World governments reacted with concern Wednesday after Turkey launched a military offensive on Kurdish forces in northern Syria, while the UN Security Council plans to hold an emergency meeting to discuss the assault.
Here are some of the initial comments following the start of the attack, called “Operation Peace Spring”.
NATO chief Jens Stoltenberg urged Turkey to show “restraint”, while acknowledging that Ankara had “legitimate security concerns”.
“It’s important to avoid actions that may further destabilise the region, escalate tensions, and cause more human suffering,” Stoltenberg said at a news conference in Rome, in remarks released by his office.
The UN Security Council’s president, South African ambassador Jerry Matthews Matjila, also appealed to Turkey to “protect civilians” and exercise “maximum restraint”.
US President Donald Trump on Wednesday called the incursion into northern Syria a “bad idea”.
He insisted Washington “does not endorse this attack”, despite having withdrawn US troops from the area in what was interpreted as a green light for Turkey to assault Kurdish militias previously allied with America.
Earlier this week, Trump said he would “obliterate” Turkey’s economy if it went too far.
The US and the UK also expressed concern over the risk of a humanitarian catastrophe in the region.
Ahead of the launch of the offensive, Russian President Vladimir Putin urged his Turkish counterpart President Recep Tayyip Erdogan to “think carefully” before taking any action “so as not to harm overall efforts to resolve the Syrian crisis,” the presidency said following a phone call between the two leaders.
Erdogan for his part told Putin that the offensive “will contribute to Syria’s peace and stability and ease the path to a political solution”.
No funding for ‘safe zone’
EU chief Jean-Claude Juncker demanded a halt to the operation, telling Ankara the bloc would not pay for any so-called “safe zone” that might be created.
He told the European Parliament he recognised Turkey had “security concerns” along the border. But he warned that the military action would not lead to a “good result”, saying a political solution was the only way to end the Syrian conflict.
‘Risk of resurgent IS’
Turkey “is willingly risking further destabilising the region and a resurgence of IS” (Islamic State) by attacking northeastern Syria, German Foreign Minister Heiko Maas said.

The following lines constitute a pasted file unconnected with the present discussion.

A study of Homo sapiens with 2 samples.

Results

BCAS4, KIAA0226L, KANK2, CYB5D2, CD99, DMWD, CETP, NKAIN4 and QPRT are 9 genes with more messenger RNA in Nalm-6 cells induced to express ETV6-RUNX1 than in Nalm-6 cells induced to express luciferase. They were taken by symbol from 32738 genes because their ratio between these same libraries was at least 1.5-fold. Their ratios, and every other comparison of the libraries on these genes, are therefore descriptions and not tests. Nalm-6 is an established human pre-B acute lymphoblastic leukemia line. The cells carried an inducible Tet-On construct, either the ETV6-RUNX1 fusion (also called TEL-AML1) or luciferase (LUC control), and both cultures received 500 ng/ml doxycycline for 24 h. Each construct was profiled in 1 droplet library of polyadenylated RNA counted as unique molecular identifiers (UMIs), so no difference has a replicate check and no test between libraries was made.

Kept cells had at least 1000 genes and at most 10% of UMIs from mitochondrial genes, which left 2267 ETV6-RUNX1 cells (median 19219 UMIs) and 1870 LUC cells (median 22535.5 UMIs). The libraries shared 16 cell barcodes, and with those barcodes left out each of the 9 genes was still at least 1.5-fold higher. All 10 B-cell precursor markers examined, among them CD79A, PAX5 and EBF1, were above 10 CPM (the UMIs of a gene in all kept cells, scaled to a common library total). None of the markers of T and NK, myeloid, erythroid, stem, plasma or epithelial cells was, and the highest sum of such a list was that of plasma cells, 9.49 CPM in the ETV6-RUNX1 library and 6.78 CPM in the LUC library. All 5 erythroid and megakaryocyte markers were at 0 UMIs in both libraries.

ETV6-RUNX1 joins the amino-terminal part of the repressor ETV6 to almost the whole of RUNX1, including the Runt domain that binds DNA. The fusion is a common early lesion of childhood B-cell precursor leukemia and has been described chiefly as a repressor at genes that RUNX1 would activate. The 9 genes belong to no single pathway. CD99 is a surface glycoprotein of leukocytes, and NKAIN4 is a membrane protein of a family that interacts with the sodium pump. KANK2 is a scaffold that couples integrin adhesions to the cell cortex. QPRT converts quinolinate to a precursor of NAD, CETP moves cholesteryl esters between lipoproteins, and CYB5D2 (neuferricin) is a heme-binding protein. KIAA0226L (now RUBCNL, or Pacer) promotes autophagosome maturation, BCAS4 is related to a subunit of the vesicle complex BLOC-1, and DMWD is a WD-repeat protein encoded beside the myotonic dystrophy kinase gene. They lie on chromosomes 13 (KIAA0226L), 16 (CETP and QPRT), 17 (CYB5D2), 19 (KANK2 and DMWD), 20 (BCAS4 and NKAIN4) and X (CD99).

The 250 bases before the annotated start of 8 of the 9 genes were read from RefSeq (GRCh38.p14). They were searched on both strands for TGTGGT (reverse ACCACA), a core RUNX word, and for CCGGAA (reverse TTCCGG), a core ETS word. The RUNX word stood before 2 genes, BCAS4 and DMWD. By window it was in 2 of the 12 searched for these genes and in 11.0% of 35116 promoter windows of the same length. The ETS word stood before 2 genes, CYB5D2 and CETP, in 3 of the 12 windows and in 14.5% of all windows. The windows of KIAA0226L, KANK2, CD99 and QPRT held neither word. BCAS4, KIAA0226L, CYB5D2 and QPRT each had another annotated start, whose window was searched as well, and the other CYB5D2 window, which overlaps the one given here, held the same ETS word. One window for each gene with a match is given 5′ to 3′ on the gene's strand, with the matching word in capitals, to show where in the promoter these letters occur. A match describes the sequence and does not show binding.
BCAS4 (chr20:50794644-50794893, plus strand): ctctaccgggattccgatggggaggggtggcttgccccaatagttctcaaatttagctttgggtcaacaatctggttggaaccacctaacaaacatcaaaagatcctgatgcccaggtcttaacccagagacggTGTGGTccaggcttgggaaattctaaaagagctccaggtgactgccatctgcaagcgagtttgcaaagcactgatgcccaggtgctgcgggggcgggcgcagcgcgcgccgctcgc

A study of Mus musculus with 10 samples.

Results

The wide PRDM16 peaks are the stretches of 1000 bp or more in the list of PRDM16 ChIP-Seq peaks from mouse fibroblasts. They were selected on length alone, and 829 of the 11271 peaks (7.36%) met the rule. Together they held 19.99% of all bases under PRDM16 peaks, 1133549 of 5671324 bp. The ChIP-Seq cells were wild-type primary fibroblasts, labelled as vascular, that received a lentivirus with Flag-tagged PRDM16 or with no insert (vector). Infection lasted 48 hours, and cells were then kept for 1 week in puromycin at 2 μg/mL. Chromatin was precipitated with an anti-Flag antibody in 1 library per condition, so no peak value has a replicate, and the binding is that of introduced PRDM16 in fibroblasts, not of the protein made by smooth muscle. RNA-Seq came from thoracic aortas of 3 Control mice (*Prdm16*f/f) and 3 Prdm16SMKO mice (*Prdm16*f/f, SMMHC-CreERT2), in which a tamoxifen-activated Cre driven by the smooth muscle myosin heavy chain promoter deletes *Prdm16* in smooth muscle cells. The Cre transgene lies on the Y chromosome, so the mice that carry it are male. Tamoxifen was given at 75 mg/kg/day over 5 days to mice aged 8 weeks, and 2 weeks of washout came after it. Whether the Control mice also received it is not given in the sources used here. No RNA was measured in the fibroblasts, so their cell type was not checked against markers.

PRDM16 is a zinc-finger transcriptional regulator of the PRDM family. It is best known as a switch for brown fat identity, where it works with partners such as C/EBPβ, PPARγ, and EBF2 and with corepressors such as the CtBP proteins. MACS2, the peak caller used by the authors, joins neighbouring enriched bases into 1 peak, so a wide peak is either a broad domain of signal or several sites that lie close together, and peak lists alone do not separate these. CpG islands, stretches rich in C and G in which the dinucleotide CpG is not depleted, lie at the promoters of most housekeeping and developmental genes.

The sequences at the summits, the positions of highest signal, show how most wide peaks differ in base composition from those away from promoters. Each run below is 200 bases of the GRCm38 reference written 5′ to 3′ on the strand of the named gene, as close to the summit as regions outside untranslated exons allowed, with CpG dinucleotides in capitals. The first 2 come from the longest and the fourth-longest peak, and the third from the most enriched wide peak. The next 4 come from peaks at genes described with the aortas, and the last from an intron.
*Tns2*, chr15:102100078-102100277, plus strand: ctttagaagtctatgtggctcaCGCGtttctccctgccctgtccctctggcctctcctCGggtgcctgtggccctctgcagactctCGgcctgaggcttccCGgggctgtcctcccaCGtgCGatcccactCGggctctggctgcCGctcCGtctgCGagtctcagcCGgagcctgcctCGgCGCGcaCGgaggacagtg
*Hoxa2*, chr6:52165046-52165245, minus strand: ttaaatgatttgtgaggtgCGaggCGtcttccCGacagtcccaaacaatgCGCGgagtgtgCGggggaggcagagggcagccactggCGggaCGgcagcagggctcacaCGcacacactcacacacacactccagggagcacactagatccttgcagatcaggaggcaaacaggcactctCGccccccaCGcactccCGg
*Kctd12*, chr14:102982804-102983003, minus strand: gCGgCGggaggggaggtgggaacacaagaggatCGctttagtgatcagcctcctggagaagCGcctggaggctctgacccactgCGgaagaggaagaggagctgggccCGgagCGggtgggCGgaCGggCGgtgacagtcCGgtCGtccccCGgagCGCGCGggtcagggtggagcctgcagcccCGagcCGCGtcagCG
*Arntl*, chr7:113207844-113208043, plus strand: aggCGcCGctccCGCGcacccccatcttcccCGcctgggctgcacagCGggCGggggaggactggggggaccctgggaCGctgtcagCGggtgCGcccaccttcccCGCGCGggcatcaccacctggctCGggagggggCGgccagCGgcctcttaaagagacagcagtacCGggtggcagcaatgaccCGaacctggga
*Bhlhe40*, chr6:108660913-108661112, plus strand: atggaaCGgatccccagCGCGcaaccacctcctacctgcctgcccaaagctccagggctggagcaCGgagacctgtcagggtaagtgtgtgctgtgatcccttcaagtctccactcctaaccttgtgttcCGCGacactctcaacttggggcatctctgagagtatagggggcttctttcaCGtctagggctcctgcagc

“Syria needs stability and a political process… however, the Turkish offensive now threatens to cause a new humanitarian disaster,” Maas said in a statement, adding that Berlin would “urge Turkey to end its offensive and to pursue its security interests peacefully”.
French Foreign Minister Jean-Yves Le Drian said the offensive “must stop”.
“It calls into question the security and humanitarian efforts of the coalition against Daesh and risks undermining Europeans’ security,” he said in a tweet, using the Arabic name for the Islamic State (IS) group.
French European Affairs Minister Amelie de Montchalin earlier said France, Germany and Britain were working on a joint declaration “which will be extremely clear on the fact that we very strongly condemn” the Turkish campaign.
‘Risks destabilising the region’
British Foreign Secretary Dominic Raab expressed “serious concerns about the unilateral military action that Turkey has taken”.
The action “risks destabilising the region, exacerbating humanitarian suffering, and undermining the progress made against Daesh which should be our collective focus,” he added in a statement.
Dutch foreign minister Stef Blok said he had summoned Turkey’s ambassador to condemn the assault.
“I call on Turkey not to follow the path it has chosen,” Blok, whose country is a member of the coalition against the Islamic State, said on Twitter.
“No one can benefit from the potentially terrible humanitarian consequences. The operation can trigger new refugee flows and harm the fight against IS and stability in the region.”
Already struggling population
The International Committee of the Red Cross said it was “deeply concerned that any escalation in the country’s north-east could harm an already struggling population,” stressing that “the humanitarian space” needs to be preserved”.